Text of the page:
Notre Dame to extend suspension of in-person classes to conclusion of spring semester, pro-rate students for room, board
Observer Staff Report | Wednesday, March 18, 2020
Notre Dame will continue the suspension of in-person classes and extend online instruction until the conclusion of the academic semester, University President Fr. John Jenkins announced in an email to Notre Dame students and their parents Wednesday.
This decision was informed by new recommendations by the Centers for Disease Control and Prevention to avoid gatherings of 50 or more individuals, as well as advice from local health officials and other University leaders, Jenkins said in the email.
“I deeply regret having come to this conclusion, but it would be impractical and irresponsible to bring our students back to campus before the end of the semester,” Jenkins said in the email. “I urge faculty and students to do the very best they can through distance learning.”
The University still intends to hold Commencement on May 17, “a date that is outside of the eight weeks covered by the CDC guidelines,” Jenkins said, though these plans may change over time.
In a conversation with student government and class officers from the class of 2020, Jenkins explored alternative options for Commencement should the spread of COVID-19 and resulting heightened health and safety restrictions push the date back.
“As I said to them, we hope to know more in the next two to four weeks, and, if we are not able to hold Commencement on May 17, we will explore with academic and student leaders the possibility of holding Commencement at another date later in the summer,” he said. “We will, of course, keep everyone informed.”
Following the extended suspension of in-person classes, the University will pro-rate room and board charges for the spring semester to student accounts. Potential plans to help on-campus students retrieve their belongings from the dorms are still underway. The Office of Student Affairs will contact students once these plans are official, the email said.
In a follow-up email sent to on-campus students, vice president for student affairs Erin Hoffmann Harding outlined the details of residence hall closures.
The 253 students living in on-campus residences are now instructed to return to their permanent homes as quickly as possible, Hoffmann Harding said.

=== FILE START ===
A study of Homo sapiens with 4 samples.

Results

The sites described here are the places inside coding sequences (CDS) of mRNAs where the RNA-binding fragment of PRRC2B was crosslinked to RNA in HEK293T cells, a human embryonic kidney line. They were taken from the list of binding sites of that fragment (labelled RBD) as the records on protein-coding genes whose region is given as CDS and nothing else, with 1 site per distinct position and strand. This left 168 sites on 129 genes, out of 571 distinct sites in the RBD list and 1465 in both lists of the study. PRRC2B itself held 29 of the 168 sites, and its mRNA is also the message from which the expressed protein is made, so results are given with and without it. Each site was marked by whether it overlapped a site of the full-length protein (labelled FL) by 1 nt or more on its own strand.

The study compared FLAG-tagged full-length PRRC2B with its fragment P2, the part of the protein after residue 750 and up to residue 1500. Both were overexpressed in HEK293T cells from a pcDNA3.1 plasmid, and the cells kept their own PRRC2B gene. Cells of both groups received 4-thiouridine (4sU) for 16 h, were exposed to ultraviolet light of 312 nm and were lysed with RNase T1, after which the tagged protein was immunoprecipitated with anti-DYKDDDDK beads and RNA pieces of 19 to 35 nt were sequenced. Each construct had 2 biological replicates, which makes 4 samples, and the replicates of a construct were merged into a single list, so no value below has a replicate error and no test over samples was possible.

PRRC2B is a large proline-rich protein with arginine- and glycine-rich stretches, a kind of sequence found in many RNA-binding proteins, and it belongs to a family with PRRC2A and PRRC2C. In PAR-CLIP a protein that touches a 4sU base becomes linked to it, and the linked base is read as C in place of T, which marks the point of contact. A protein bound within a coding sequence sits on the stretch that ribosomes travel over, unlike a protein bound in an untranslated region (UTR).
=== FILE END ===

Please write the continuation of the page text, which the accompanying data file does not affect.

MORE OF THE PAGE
“We want to avoid further travel restrictions that may impact your ability to reach home,” she said. “Residence hall rectors will work with University offices such as Notre Dame International and the Office of Student Enrichment to assist with departure. We know the group staying on campus has unique and challenging circumstances, so we will work with you individually.”
Additionally, students are asked not to return to the residence halls until otherwise notified. The University will ship essential course materials, Hoffmann Harding said, and is starting to organize a move-out plan for the more than 6,400 students who have already traveled home.
“Further details will be sent from the Office of Residential Life,” she said. “We will utilize CDC guidelines to design the move-out process. Thank you for your patience and understanding as we balance the safety of our staff on campus with the retrieval of students’ personal items.”
A Division of Student Affairs newsletter detailing virtual support, resources, programs and extracurricular activities will be distributed to students shortly.
“We want to connect with you, we are here to talk if you need it and we are open to ideas for how we can best support you from a distance,” Hoffmann Harding said in the email.
Additional information for graduate and professional school students, as well as post-doctoral scholars, will be distributed by the relevant deans, Jenkins said in the email.
“I thank our Notre Dame families for their patience and understanding as we address this issue and the scores of others that have emerged in the wake of this pandemic,” Jenkins said.
Though Mass at the Basilica of the Sacred Heart is no longer open to the public, the Congregation of the Holy Cross will make daily Mass available via livestream Monday through Saturday and on Catholic TV on Sunday.
“We in the Notre Dame community, along with nearly everyone around the world, are enduring a difficult, uncertain and anxious time,” Jenkins said. “I thank you for your patience and understanding as we sort through the many challenges and decisions that must be made. I know that, in addition to the many inconveniences of the current moment, many of you struggle with worries about the health and economic security of family and friends. Let us continue to strengthen one another by mutual support and prayer.”
Editor’s note: An earlier version of this article used “refund” to describe the monetary compensation the University would provide to students, rather than the more accurate term “pro-rate.” The Observer regrets this error.